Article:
There are enough lost souls congregating inside the broad church of English rugby ahead of the new season to justify taking the biggest matches away from Twickenham and holding them in Limbo instead.
Danny Cipriani has returned from a self-imposed exile in Wallaby country, Dean Richards has been released from his three-year incarceration in Nowheresville and Gavin Henson is back from the weird and wonderful world of reality television, where some souls are lost forever. Whatever happens over the next eight months, this campaign will not be dull.
When Henson surfaced yesterday at his latest "last chance" club, the newly-promoted relegation favourites London Welsh, he answered the usual awkward questions with characteristic good humour, mixed with a natural humility wholly at odds with his long-established reputation as a difficult cuss. "There is some self-doubt," he admitted. "When things didn't work out for me at Cardiff Blues, I thought that was me finished rugby-wise. I'm grateful for this opportunity, not least because I didn't feel that I could allow my career to end in such a way, and I feel fit. I want to go out there and excite people. But when you look at the last few years, I haven't played much, have I?"
This chronic shortage of rugby is partly Henson's fault, partly not. The long goodbye he bade Ospreys, the most successful of the Welsh regional sides, was a masterpiece of self-defeating nonsense and he did not cover himself in glory during brief, half-hearted stints with Saracens and Toulon. On the flipside, he was not treated terribly well by Cardiff Blues, who had marginalised him long before he engaged in a valedictory bout of drunken high-jinks on a flight home from a Pro12 league match.
"I don't want to go back over old ground but I'd been told I wasn't being kept on and felt demoralised," he said by way of explanation. "I wanted and expected to finish my career at the Blues, but being brought off the bench and stuck on the wing in that last game just about summed up where I was with the club. The writing was on the wall and I fell into the trap. If anything good came out of the situation, it was that it left me feeling that I had to bite the bullet and make sure I didn't leave rugby on such a low note."
A decade or so ago, good judges saw Henson as a player of unusually rich potential – an all-round midfield playmaker who not only had the world in his hands, but at his feet as well. Welsh romantics steeped in the tradition of outside-half genius – Dai Watkins and Barry John, Phil Bennett and Jonathan Davies – celebrated the arrival of another world-class No 10.
God was in his heaven and all was right with the world.
At least, all was right until Henson went wrong. Injuries took a toll, the celebrity lifestyle took over and he went from back page to front page in double-quick time. After the Blues washed their hands of him, everyone in rugby assumed he was washed up.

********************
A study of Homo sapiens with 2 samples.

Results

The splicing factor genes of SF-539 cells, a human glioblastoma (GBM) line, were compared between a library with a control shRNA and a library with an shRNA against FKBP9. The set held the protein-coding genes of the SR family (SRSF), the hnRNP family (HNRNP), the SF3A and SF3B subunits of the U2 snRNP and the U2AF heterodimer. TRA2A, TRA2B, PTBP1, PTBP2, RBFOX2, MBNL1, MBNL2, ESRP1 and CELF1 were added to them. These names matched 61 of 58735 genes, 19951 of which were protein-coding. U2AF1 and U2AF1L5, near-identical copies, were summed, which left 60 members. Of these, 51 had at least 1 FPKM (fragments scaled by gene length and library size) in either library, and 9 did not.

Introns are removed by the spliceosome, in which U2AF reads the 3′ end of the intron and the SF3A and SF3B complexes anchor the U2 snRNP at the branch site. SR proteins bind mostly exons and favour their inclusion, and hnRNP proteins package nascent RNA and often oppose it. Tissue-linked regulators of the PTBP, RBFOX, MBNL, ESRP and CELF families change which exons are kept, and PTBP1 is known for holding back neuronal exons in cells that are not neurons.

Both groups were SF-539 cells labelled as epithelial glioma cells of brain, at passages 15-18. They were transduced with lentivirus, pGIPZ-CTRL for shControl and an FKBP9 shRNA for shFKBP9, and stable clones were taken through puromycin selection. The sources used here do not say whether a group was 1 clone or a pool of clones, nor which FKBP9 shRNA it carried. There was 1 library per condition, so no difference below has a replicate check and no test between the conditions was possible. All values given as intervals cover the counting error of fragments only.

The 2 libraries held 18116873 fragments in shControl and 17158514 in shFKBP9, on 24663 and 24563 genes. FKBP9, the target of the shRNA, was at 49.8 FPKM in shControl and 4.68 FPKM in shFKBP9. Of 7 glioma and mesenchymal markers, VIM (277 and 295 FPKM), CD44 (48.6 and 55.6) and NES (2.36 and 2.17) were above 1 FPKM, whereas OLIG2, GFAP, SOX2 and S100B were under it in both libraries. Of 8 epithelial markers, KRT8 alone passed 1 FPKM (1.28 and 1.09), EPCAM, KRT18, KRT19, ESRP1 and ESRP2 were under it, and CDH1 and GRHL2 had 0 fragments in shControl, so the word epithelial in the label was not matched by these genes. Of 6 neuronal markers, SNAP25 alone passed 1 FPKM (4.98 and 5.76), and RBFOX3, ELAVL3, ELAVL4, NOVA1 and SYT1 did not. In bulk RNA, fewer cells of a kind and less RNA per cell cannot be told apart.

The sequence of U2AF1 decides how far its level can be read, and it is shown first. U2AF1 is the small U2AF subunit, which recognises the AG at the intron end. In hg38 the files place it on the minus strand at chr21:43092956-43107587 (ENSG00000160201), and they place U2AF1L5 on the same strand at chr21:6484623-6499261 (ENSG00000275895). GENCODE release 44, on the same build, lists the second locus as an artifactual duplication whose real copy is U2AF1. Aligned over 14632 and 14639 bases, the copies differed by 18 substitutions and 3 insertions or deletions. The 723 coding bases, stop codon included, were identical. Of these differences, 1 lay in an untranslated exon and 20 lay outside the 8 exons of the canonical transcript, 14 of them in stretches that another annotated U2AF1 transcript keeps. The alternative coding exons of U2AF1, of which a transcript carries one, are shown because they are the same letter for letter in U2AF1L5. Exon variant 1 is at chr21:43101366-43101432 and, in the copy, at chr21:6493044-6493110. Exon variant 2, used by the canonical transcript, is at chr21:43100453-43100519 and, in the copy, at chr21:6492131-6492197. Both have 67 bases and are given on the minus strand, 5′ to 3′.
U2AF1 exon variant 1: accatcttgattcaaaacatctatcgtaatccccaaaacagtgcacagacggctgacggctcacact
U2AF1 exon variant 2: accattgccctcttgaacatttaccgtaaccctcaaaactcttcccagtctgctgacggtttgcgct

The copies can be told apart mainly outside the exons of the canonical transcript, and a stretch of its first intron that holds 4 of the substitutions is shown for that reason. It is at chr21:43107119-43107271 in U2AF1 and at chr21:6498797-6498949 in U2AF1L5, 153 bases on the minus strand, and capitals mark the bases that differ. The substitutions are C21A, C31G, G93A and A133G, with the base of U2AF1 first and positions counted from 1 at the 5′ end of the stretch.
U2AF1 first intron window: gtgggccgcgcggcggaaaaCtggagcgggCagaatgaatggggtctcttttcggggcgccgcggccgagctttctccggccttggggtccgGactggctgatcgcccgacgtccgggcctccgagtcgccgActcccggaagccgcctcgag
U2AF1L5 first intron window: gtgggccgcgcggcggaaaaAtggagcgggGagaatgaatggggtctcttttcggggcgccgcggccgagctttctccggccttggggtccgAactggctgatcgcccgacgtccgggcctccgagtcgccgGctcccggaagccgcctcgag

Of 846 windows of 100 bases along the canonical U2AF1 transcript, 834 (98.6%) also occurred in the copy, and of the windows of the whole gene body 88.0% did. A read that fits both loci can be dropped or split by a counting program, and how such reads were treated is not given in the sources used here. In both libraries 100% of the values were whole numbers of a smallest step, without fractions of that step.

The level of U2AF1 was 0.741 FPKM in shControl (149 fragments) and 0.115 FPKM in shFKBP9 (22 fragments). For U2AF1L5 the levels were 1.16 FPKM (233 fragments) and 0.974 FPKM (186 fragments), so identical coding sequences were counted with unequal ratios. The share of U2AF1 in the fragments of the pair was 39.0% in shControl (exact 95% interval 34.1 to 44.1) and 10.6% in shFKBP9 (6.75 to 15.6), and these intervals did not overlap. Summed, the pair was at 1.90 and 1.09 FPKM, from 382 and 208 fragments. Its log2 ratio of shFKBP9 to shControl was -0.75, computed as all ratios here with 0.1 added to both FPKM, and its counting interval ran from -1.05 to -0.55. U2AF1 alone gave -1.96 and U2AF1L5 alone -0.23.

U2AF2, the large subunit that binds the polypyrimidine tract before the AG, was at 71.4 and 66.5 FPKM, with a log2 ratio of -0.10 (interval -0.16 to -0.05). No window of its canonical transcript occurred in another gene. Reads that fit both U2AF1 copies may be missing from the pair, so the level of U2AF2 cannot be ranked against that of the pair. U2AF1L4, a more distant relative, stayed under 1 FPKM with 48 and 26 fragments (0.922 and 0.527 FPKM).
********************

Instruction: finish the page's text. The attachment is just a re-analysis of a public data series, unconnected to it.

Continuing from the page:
Then London Welsh happened. More specifically, Lyn Jones happened. "I think I played my best rugby back in 2003-04, when I was being coached by Lyn," said Henson. "He's super-intelligent when it comes to the game. He's a very clever coach and a very funny person. To be funny, you have to be intelligent. I'm happy to be here at London Welsh with Lyn in charge. He's the kind of coach who knows how to make players listen. There aren't too many people who switch off when he's running a team meeting."
Jones intends to restore Henson to his chosen position of outside-half, which is music to the ears of a player who has always resented being shunted to full-back or squeezed in at centre. But the No 10 role brings its own pressure. Henson is acutely aware that while London Welsh are plotting a route through the Premiership minefield over the next few weeks, the onus will be on him to act as chief guide. Unlike many of his clubmates, he knows what it is to play at the very highest level.
"The thing is, the people at London Welsh have made me feel a part of things: I feel completely involved and I'd like to think I can be a leader and take people with me," he said. "Most of all, I'm hoping they'll give me a fair chance here. Things haven't been easy; initially, my body let me down and I struggled to get back to the heights. After I took time out of the game I found it tough to get back in. It's still hard now, but I'm sticking with it because this is what I want to do."
Will travel: Henson's journey
Llanelli (2000: 1 appearance)
Swansea/Ospreys (2000-10: 142 apps)
Had 18-month unpaid break after injuring an ankle in 2009. He was released in October 2010.
Saracens (2010-11: 4 apps)
Signed for Saracens shortly afterwards, but did not make his debut until Boxing Day 2010 due to commitments with BBC's Strictly Come Dancing. Made just four appearances before asking for his contract to be terminated.
Toulon (2011: 2 apps)
Suspended for two weeks after drunken bust-up with senior players. Club opted not to renew his contract.
Cardiff Blues (2011-12: 8 apps)
Had contract terminated after six months after he was reported to be drinking and behaving inappropriately on a flight home from Scotland in the morning after a match against Glasgow.